Hackney Mayor’s pledge to protect Ridley Road market

Ridley Road Market Stall, Pic: Eliza Ketcher

The Mayor of Hackney has repeated his pledge that traditional stallholders will remain at Dalston’s Ridley Road Market.

Councillor Philip Glanville says: “We’ll do everything in our power to ensure [stallholders] remain at the heart of the community and invest in them for the future.”

Hackney council is investing in the outdoor part of Ridley Road Market to the tune of £750,000. A further £750,000 has been pledged by London mayor Sadiq Khan.

The investment aims to improve the market’s services while preserving its unique character, history and culture.

The project is part of the council’s ‘Dalston Conversation’, a discussion on the area’s future as it continues to be eyed up by property developers.

The scheme will see traders given new weatherproof stalls, free Wi-Fi and handheld card machines to compete with a changing high street.

A spokesperson for the council has said: “We know that Dalston is changing, and while we can’t control all change, we don’t believe it should come at the expense of the things our community values and we will intervene wherever we can to protect these.

Hackney Mayor, Councillor Glanville, added: “I pledged that we would protect and improve Ridley Road Market so existing traders could thrive, and I believe these proposals will be part of doing just that – ensuring that stallholders can compete with the high street and making it more accessible for shoppers.”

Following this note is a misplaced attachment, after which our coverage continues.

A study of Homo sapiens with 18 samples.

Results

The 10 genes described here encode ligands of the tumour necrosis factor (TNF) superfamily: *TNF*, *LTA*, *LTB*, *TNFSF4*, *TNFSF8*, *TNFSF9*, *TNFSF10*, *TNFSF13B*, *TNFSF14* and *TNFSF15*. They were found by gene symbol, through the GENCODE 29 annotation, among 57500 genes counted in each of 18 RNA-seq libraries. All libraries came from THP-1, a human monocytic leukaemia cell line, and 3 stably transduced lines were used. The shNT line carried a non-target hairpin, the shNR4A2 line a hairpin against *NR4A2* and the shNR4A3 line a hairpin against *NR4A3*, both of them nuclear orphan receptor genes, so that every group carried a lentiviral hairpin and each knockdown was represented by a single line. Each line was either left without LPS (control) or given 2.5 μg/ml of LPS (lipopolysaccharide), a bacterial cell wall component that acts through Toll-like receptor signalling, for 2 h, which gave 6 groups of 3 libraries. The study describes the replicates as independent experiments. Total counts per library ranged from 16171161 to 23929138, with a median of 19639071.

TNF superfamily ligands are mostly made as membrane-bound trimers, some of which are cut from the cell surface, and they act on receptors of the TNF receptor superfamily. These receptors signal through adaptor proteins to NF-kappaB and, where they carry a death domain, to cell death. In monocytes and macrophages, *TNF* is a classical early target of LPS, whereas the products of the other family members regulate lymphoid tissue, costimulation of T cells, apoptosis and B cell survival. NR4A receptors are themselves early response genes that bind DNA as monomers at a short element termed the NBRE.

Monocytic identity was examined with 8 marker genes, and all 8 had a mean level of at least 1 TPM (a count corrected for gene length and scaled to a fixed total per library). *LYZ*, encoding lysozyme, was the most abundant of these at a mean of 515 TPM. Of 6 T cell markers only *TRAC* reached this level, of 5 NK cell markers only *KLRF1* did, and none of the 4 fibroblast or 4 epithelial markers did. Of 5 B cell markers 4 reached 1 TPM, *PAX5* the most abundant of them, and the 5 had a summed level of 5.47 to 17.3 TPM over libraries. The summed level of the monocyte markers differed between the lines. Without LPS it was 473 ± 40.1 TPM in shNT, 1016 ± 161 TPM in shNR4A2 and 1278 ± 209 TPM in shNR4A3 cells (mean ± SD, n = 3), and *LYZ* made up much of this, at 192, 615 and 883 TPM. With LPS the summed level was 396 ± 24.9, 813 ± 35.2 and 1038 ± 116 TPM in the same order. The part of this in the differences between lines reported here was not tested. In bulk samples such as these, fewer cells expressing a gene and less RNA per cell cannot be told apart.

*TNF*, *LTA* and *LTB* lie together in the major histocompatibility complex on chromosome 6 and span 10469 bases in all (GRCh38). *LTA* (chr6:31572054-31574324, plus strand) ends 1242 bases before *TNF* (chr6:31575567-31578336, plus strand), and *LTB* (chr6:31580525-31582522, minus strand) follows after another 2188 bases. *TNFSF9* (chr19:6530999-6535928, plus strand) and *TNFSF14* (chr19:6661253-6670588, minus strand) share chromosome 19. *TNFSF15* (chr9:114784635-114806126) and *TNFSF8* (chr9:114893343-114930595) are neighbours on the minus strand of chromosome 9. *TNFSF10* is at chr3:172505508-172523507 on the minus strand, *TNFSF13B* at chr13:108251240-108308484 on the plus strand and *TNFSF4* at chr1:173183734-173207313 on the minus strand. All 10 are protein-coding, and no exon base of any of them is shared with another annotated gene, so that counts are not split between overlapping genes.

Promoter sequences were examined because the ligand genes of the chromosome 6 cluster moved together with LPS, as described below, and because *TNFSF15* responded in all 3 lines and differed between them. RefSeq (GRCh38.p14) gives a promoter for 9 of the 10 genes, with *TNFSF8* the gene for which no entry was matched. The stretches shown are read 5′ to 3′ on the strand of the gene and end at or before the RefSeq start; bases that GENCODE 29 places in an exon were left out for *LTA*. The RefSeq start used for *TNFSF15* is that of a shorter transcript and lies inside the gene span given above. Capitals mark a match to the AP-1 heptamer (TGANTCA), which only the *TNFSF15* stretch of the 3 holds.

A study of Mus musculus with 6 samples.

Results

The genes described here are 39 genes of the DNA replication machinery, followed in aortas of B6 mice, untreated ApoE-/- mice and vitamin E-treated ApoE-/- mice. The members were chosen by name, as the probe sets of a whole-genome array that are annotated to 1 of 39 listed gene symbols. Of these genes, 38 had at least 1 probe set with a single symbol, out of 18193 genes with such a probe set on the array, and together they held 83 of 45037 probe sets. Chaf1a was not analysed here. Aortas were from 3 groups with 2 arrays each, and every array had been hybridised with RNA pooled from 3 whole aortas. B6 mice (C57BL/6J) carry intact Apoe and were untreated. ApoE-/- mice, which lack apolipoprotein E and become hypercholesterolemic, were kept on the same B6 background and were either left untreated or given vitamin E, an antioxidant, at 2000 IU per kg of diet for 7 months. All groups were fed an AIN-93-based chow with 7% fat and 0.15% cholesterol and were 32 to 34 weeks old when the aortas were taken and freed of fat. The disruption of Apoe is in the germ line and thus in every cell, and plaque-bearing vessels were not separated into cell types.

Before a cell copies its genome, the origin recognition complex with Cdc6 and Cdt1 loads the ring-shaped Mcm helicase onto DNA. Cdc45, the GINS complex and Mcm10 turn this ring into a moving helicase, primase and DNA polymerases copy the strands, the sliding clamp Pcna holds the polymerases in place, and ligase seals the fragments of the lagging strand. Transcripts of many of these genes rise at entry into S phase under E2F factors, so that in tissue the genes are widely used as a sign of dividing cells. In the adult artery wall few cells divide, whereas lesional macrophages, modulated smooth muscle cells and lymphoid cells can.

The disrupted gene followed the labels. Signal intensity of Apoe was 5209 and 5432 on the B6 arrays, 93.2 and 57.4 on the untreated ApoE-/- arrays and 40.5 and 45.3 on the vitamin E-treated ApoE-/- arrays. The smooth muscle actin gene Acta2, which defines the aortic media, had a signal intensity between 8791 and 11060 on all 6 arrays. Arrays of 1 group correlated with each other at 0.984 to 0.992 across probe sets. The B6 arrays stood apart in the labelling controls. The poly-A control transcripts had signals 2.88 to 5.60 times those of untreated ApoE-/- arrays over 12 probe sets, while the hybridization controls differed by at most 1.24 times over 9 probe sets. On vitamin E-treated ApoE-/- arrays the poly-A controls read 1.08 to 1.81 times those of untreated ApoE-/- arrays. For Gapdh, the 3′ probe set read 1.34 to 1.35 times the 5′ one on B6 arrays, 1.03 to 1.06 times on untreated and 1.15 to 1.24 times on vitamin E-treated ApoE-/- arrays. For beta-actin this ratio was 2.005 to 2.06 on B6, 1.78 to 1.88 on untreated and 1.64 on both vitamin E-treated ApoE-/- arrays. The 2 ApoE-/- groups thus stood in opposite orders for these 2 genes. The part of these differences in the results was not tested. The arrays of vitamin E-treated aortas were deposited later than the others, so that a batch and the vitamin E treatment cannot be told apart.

Hackney is now the 11th most expensive London borough, with house prices having increased by 560 per cent since 1998.

The area has seen an influx of wealthy residents, with the Overground providing easy transport connections into central London and beyond.

The new residents seem less inclined to shop at Ridley Road market than its traditional customers.

Carole Rank, who has owned a clothing stall in the market for 40 years, says that business has changed quite considerably.

“It’s affected the kind of people that pass through the market, because the people who lived in the area can no longer afford to live here,” she said.

Tish, another stallholder in the market, has also noticed a slump in sales. She says: “Business is so quiet, we don’t get any money.”

A survey by Hackney council last year found that 81% of customers tended to be locals who shopped there regularly, and were not ‘aspirational’ or ‘affluent’.

The report also found that both the number of customers and general sales had fallen by around 60 percent since the previous year.